With all due respect to Noel Coward’s classic English comedies of the 1920s through 1940s, do they really merit being revived so regularly? Sure, they’re witty, classy and charming, but also insubstantial and tame by today’s standards, and not especially relevant anymore.
I suspect that we run into the plays so often because they contain great roles for actors, like the kooky medium Madame Arcati in “Blithe Spirit,” the sparring couple Amanda and Elyot in “Private Lives” and the vain stage actor Garry Essendine in “Present Laughter.”
Essendine has been played on Broadway by Coward (who loosely modeled the part on himself), George C. Scott, Frank Langella, and Victor Garber (as recently as 2010) — and now it’s Kevin Kline’s turn.
This marks Kline’s first appearance on Broadway since he played Cyrano (another popular role) a decade ago.
Set at Essendine’s London flat, the play shows the matinee idol trying to uphold his ego while dealing with his domestic staff, business colleagues, lovers and fans, including an aspiring young actress who just spent the night (and is quickly disposed of) and an overeager playwright.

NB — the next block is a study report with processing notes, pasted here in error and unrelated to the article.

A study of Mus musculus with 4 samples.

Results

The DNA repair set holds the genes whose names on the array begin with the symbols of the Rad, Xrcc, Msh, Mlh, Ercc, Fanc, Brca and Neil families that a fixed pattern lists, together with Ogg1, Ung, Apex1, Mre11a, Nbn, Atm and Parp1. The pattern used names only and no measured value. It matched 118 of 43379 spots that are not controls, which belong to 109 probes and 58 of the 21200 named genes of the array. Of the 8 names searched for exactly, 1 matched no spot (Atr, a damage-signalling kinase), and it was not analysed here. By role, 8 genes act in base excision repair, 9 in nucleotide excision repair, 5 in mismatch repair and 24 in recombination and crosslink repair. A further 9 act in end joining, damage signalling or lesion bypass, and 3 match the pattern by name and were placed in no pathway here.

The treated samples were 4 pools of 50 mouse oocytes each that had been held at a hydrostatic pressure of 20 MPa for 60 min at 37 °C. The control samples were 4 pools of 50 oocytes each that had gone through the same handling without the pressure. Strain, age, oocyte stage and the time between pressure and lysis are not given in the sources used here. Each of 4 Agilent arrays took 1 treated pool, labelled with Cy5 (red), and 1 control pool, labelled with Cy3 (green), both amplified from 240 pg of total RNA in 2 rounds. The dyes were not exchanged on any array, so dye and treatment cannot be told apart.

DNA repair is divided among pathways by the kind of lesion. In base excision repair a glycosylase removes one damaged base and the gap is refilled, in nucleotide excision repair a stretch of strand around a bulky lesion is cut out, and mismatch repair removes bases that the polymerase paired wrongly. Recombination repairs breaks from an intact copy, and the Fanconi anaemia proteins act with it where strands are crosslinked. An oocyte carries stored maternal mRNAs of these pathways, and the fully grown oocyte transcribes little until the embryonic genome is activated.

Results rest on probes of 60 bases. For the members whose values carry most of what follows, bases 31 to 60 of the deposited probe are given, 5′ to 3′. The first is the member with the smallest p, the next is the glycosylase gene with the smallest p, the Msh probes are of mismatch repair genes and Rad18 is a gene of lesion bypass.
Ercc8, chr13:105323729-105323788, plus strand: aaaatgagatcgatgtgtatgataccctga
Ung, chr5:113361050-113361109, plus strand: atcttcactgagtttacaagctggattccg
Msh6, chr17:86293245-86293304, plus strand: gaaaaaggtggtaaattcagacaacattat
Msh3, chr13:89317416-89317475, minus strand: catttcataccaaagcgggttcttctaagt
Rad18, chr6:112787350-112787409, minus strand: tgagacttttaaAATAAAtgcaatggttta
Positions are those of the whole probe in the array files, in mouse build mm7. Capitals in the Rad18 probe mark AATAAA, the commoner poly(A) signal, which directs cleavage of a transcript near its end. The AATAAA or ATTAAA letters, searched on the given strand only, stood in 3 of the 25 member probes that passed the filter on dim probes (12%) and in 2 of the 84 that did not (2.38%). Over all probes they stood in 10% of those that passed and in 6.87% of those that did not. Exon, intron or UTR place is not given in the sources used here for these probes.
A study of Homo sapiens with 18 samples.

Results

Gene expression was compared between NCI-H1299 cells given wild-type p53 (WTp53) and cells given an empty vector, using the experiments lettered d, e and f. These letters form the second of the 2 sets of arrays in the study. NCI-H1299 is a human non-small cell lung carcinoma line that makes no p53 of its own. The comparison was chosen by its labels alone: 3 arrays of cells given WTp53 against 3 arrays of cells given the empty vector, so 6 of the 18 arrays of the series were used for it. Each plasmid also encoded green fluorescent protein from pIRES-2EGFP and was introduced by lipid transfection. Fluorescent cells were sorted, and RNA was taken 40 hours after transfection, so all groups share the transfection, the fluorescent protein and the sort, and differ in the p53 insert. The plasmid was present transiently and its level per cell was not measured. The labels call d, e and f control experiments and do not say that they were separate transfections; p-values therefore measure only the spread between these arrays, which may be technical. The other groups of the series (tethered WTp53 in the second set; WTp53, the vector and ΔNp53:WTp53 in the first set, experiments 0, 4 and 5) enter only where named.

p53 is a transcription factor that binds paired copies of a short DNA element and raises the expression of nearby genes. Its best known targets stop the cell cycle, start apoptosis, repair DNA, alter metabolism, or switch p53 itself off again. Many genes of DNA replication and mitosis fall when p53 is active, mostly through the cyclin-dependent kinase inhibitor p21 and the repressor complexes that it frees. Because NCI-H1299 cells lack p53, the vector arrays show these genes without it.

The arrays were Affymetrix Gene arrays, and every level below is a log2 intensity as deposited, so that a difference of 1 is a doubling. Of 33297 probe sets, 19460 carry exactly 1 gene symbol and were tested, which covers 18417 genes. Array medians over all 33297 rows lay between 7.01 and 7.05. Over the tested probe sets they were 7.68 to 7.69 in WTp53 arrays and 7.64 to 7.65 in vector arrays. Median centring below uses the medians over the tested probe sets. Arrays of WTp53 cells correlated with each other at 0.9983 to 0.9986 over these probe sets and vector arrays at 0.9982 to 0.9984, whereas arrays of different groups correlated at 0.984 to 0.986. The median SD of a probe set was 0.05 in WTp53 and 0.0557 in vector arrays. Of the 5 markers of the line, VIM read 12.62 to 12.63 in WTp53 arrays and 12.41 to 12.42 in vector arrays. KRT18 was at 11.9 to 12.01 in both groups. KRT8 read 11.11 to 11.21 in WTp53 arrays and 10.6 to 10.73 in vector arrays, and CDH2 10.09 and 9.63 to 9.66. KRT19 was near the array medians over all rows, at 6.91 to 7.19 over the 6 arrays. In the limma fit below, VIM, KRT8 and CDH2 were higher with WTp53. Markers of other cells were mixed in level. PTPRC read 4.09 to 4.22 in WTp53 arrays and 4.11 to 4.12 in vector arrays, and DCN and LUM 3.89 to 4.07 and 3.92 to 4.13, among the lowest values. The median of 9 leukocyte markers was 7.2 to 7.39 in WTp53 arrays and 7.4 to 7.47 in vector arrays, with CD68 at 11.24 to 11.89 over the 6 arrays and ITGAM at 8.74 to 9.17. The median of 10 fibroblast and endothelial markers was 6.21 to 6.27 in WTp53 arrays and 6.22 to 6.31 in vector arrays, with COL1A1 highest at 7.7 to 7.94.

Directed with a gentle hand by Moritz von Stuelpnagel (“Hand to God”), the production is pleasant but not especially interesting. There seems to have been no point in reviving the play other than to provide Kline with a star vehicle.
Admittedly, the role fits Kline like a glove, especially given his knack for hammy personalities.
He is careful not to overplay the comedy, with the intention of giving a fully rounded performance. His Essendine is a tired thespian with graying hair whose instinctual response to the chaos around him is to break into a soliloquy or dramatic pose.
Kristine Nielsen, in an animated air, nails every one of Coward’s barbs as Essendine’s all-knowing secretary. Cobie Smulders (“How I Met Your Mother”) makes a sleek and sexy Broadway debut as a woman engaged in multiple affairs, and Kate Burton is as assured as ever as Essendine’s estranged wife.